If you have some raw data and want to convert in into meaningful insight, feature engineering in machine learning is one of the best tools to help you. Imagine a real-life situation where you want to know how frequently a customer order food from your restaurant in order to offer best customer service. In such a case, you can use the raw data such as time interval between two orders to your restaurant by a customer, the items the customer frequently ordering, particulars of your restaurant compared to nearby similar restaurant etc. and convert it into meaningful feature like ‘quality of your service to customer’ using feature engineering. Feature engineering convert the unrefined data to a meaningful feature which the machine learning model can better understand. Feature engineering can be done either from your domain knowledge or through exploratory data analysis. In some cases, additional data provided by an external agency also can aid in feature engineering. Feature engineering plays a vital role in finding meaningful insight in real life situations as well as it became an exciting tool in material research toolbox. Feature engineering in machine learning has the power to considerably speed up the researches on fundamental and applied aspects of material science and physics.
Why do you need feature engineering and how does it work?
Data cleaning and preprocessing, scaling and encoding are the necessary steps to be performed to make the data perfect for an algorithm. Feature engineering compiles all these steps and make the data interpretable and meaningful before we input it to a machine learning model.
Data scientists often spend a major amount of their time in cleaning and organizing data because in real world the data looks pretty messy as shown in the title picture before feature engineering. Machine learning models cannot handle such messy data. Feature engineering helps to organize the data before we input the data into training model and so it makes our machine learning model as simple as possible with better performance. Data preprocessing which does outlier (error in the data) removal and domain understanding are the two important aspects which has to be done before feature extraction in feature engineering. To be precise, it is a process of extracting useful information after data preprocessing using mathematical models, statistical approximations and domain knowledge.
Let’s understand data preprocessing, which is a mandatory step to support feature engineering with an example of real-life problem. If you want to purchase some land and got data similar to that in the table below, it will be difficult for you to infer the right information you need to assess the land price.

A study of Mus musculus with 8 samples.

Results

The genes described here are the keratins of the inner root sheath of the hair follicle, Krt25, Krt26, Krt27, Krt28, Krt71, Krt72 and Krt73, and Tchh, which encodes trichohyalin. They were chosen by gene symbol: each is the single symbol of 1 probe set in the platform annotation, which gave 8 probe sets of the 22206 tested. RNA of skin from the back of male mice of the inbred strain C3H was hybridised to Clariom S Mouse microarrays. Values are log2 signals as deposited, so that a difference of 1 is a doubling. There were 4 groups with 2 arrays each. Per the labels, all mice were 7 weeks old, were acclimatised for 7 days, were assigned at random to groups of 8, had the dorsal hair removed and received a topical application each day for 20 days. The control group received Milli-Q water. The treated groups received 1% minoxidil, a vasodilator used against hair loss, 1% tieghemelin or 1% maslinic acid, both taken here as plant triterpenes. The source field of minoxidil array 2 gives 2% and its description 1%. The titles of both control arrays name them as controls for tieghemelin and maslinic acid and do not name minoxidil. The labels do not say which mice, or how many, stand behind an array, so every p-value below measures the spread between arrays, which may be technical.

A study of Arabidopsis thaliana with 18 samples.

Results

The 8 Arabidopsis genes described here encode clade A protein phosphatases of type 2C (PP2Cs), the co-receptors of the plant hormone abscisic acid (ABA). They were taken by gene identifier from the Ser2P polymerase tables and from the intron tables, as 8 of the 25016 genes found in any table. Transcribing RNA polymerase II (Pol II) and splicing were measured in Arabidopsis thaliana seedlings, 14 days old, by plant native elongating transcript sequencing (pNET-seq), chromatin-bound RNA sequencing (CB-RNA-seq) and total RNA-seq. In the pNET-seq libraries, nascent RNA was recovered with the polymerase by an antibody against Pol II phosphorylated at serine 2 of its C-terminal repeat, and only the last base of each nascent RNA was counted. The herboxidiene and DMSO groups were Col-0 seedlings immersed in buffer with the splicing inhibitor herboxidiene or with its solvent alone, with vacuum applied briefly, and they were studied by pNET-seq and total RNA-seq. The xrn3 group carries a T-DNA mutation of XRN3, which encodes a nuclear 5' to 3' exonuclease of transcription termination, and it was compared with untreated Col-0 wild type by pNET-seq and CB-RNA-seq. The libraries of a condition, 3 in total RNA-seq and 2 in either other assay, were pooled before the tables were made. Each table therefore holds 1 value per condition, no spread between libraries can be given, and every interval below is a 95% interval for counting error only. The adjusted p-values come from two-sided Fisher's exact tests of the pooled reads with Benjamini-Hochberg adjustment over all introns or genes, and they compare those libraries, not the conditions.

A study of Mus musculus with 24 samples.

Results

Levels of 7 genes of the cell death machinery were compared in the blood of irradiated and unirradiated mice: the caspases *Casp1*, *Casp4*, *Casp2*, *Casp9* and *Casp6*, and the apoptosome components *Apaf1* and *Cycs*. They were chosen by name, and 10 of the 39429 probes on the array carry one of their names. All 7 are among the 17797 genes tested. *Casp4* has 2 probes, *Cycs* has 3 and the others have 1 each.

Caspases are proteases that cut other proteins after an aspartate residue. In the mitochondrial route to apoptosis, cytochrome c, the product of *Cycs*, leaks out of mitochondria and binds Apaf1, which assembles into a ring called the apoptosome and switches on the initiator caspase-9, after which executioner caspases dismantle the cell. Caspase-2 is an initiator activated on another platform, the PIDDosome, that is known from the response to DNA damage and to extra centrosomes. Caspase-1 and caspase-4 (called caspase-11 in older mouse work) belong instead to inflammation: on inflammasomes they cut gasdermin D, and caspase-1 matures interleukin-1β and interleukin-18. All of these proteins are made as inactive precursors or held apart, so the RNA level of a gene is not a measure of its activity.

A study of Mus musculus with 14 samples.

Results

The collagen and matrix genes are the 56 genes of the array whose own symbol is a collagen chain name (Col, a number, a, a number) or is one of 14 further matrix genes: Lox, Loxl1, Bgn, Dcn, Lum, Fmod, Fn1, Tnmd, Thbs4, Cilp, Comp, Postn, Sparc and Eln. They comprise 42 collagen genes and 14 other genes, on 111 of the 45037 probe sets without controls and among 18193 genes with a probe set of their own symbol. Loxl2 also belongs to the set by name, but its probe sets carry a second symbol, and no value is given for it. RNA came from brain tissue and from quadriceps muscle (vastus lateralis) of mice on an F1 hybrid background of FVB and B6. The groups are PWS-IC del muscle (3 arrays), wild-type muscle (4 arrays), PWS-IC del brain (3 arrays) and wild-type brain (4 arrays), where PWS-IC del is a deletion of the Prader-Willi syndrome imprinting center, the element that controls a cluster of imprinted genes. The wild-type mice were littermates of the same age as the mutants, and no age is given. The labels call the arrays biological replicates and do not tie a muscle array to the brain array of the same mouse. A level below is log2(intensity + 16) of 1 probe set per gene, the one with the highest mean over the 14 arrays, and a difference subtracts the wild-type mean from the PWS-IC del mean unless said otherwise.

|Price (lakhs Rs)
However, you can add another column for price per cent to understand the data in a meaningful way.
|Price (Lakhs. Rs)
By combining the information in the column added for price/cent and domain knowledge, you can conclude the row highlighted doesn’t follow the general trend of listed data and hence an outlier. By removing this outlier, we can expect the actual average price/per cent in that particular area is around 3.35 lakhs. Rs. The mathematical operation performed in the added column of price/cent is a basic example outlier detection in data preprocessing. Similarly data preprocessing handle missing values in a data and skewness. Mathematical operations such as mean, median and mode are the most commonly used mathematical operations to fill the missing values in a data. While dealing with skewness, which is a measure of asymmetry in data distribution, mathematical operations such as log transformation demonstrated through the code below are popularly employed to make the data to symmetric distribution.
from scipy.stats import skewnorm
import matplotlib.pyplot as plt
import seaborn as sns
import numpy as np
r = skewnorm.rvs(a = -5, size=10000)
r1 = np.log(r)
r2 = np.log(r) / np.log(2)
r3 = np.log(r) / np.log(1.5)
sns.kdeplot(r,color = 'blue', label='raw data')
sns.kdeplot(r1,color = 'green', label = 'ln(data)')
sns.kdeplot(r2,color = 'red',label = 'log'+str(2)+'(data)')
sns.kdeplot(r3,color = 'cyan',label = 'log'+str(1.5)+'(data)')
Once done with the data cleaning and preprocessing steps such as removal of outliers, handling missing values and attending skewness, we can move on to the next step of feature engineering which is scaling. Scaling is not a mandatory step of feature engineering for all problems. However, imagine a scenario where the data is presented with one column with values varying from 10 to 1000 and another column with range 0 to 1. Here one column gets an inappropriate weightage over the other. In such cases scaling modifies the features to a particular range with a predefined maximum and minimum, in most cases [0,1].
If there are categorical features such as text or string in the data, encoding is used in feature engineering to covert the categorical variables to numerical values.
What is the order of steps in feature engineering for a machine learning model?
- Data preparation: Converting the raw data from different sources to a standardized format in order to be used in a machine learning model.
- Exploratory data analysis: Identify and consolidate the characteristic features of a data to decide on the most appropriate statistical/mathematical technique to be applied to suit for an ML model.
- Benchmark: This step set up a baseline standard to accuracy upon which all variables are to be compared.
once we aim to get the best out of what we have in the form of raw data, how good we handle the features through feature engineering is vital to the success of a machine learning model. Hence feature engineering has to be treated as an art where we have to represent the data as most elegant features to extract the best and meaningful insights.